1. To many, the phrase “family business” connotes a small or midsized company with a local focus and a familiar set of problems, such as squabbles over succession. While plenty of mom-and-pop firms certainly fit that description, it doesn’t reflect the powerful role that family-controlled enterprises play in the world economy. Not only do they include sprawling corporations such as Walmart, Samsung, Tata Group, and Porsche, but they account for more than 30% of all companies with sales in excess of $1 billion, according to the Boston Consulting Group’s analysis.
2. How do companies survive not just for years, but for decades? For centuries even? During a global pandemic, researchers are studying anew what makes companies resilient, agile, and enduring. After all, Japanese construction firm Kongō Gumi, which builds temples, has been in business for 1,444 years. That’s a lot of war, natural disaster, and political turmoil to survive.
3. With 2022 holding out the prospect of growth and relatively greater stability than recent years, we anticipate a few key subjects on the family business agenda. Diversification-led acquisitions While a perennial business issue, the pandemic has pushed diversification up the agenda of many families in business. Having discovered the hard way that having all their wealth dependent on the performance of one sector can result in a significant dividend squeeze, the diversifying of business assets will grow in 2022. As a result, a number of families will be buying a business in a different sector to their legacy business, providing an alternative profit return, with a modest number exiting legacy sectors also.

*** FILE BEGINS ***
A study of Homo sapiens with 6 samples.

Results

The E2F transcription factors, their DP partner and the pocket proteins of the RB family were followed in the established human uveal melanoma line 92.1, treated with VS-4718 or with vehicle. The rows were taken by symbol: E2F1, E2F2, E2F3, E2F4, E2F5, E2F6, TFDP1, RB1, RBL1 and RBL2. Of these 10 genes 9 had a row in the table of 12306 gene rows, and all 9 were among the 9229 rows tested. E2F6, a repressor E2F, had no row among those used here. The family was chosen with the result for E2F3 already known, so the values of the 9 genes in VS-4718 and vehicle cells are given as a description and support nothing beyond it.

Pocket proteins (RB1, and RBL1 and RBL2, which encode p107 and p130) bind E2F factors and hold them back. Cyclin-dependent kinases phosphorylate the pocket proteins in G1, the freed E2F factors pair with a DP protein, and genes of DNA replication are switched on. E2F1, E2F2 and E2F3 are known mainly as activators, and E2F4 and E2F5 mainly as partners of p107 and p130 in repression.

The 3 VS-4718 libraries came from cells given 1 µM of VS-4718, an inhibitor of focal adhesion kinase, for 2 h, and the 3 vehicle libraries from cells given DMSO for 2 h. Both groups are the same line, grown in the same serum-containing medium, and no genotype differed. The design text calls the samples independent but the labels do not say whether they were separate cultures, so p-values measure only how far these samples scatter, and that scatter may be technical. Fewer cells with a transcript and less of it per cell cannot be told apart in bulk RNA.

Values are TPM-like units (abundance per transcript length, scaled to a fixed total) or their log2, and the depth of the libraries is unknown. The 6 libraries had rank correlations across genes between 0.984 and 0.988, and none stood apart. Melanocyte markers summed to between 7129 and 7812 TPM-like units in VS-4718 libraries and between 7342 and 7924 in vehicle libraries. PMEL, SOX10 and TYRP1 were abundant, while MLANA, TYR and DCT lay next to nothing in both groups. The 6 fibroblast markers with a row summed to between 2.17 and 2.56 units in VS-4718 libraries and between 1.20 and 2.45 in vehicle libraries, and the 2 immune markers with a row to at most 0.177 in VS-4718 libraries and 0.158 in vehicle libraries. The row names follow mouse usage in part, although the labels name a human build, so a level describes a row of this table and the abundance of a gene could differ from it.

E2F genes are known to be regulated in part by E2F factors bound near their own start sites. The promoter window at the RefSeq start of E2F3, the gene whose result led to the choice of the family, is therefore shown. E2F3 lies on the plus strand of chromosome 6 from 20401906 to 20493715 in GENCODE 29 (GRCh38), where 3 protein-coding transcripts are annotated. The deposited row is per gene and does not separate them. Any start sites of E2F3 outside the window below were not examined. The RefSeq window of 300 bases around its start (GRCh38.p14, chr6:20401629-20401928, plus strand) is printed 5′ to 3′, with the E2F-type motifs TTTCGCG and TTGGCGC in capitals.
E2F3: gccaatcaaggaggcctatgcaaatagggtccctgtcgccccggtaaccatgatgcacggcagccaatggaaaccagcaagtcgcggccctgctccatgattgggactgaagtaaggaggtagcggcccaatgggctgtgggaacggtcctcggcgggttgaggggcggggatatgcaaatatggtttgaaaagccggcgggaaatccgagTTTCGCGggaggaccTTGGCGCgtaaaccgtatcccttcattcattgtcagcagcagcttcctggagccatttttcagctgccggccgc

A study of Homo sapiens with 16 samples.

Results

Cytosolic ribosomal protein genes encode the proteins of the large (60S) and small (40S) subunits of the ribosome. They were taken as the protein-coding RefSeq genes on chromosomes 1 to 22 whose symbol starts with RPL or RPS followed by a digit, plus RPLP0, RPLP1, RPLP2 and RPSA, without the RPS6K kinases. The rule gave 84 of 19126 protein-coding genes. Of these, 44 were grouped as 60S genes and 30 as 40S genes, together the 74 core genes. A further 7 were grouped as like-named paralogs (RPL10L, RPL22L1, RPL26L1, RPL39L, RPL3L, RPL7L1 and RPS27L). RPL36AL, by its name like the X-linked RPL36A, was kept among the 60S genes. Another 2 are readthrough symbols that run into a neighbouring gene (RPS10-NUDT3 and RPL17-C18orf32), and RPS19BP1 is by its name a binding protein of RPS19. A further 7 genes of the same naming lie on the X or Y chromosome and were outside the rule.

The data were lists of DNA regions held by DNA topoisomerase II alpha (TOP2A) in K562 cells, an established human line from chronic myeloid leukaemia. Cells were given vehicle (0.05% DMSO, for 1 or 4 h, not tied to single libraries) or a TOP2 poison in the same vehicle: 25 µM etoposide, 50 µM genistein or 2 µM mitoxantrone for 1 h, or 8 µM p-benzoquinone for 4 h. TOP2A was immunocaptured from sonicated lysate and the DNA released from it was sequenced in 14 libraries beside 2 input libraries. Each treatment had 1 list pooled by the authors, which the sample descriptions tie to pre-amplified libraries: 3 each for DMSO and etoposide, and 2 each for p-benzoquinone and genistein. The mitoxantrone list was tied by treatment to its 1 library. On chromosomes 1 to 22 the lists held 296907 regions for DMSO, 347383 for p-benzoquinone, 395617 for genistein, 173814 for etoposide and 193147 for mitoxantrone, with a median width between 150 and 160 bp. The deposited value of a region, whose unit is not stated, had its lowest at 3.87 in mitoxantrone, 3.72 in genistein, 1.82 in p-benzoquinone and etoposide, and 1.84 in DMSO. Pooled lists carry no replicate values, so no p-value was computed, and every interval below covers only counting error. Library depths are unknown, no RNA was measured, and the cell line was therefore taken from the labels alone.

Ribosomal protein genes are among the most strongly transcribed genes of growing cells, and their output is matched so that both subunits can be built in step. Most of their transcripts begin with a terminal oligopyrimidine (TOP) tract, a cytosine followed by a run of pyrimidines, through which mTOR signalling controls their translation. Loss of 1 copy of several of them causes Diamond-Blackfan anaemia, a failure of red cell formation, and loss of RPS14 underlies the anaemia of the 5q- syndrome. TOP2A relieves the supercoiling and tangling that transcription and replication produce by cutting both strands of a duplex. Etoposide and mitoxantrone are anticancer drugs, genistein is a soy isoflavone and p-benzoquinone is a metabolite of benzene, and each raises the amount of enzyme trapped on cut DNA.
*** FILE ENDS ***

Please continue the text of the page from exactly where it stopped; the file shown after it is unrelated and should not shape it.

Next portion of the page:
4. Growth and Perpetuation of family business depends on successful transition of the business to the next generation. Unsuccessful transitions often lead to the failure of both the business and the family. This article intends to focus on one of the reasons for this failure which is the inability of family businesses to induct the next generation in the business or because of the errors made in this process.
5. We juxtapose the executive recruitment decisions of family and non-family firms. We hypothesize that hiring preferences toward executive candidates differ between family and non-family firms. We test our predictions against field data from executive recruitment processes involving family and non-family firms. Drawn from an executive hiring company, the sample includes 166 candidates in 56 selection processes on behalf of 42 client companies (28 family firms). Our results indicate that family firms prefer to hire managers with strong functional competence and leadership skills, whereas non-family firms prefer to employ managers with more pronounced market knowledge.
6. Family businesses are the most widespread type of business in the world. On the other hand, family businesses are estimated to contribute the most to the economic development of a country. Due to the importance of these businesses, numerous studies have been conducted to identify the problems faced by these businesses. One of the main problems of these businesses is the lack of professional management that is a result of the conventional approach of the owners of these businesses. This study was conducted in order to identify the problems faced by family businesses, and to also understand the negative reflections in the internal business environment that arise as a result of not shifting to a professional management of local family businesses operating in Kosovo.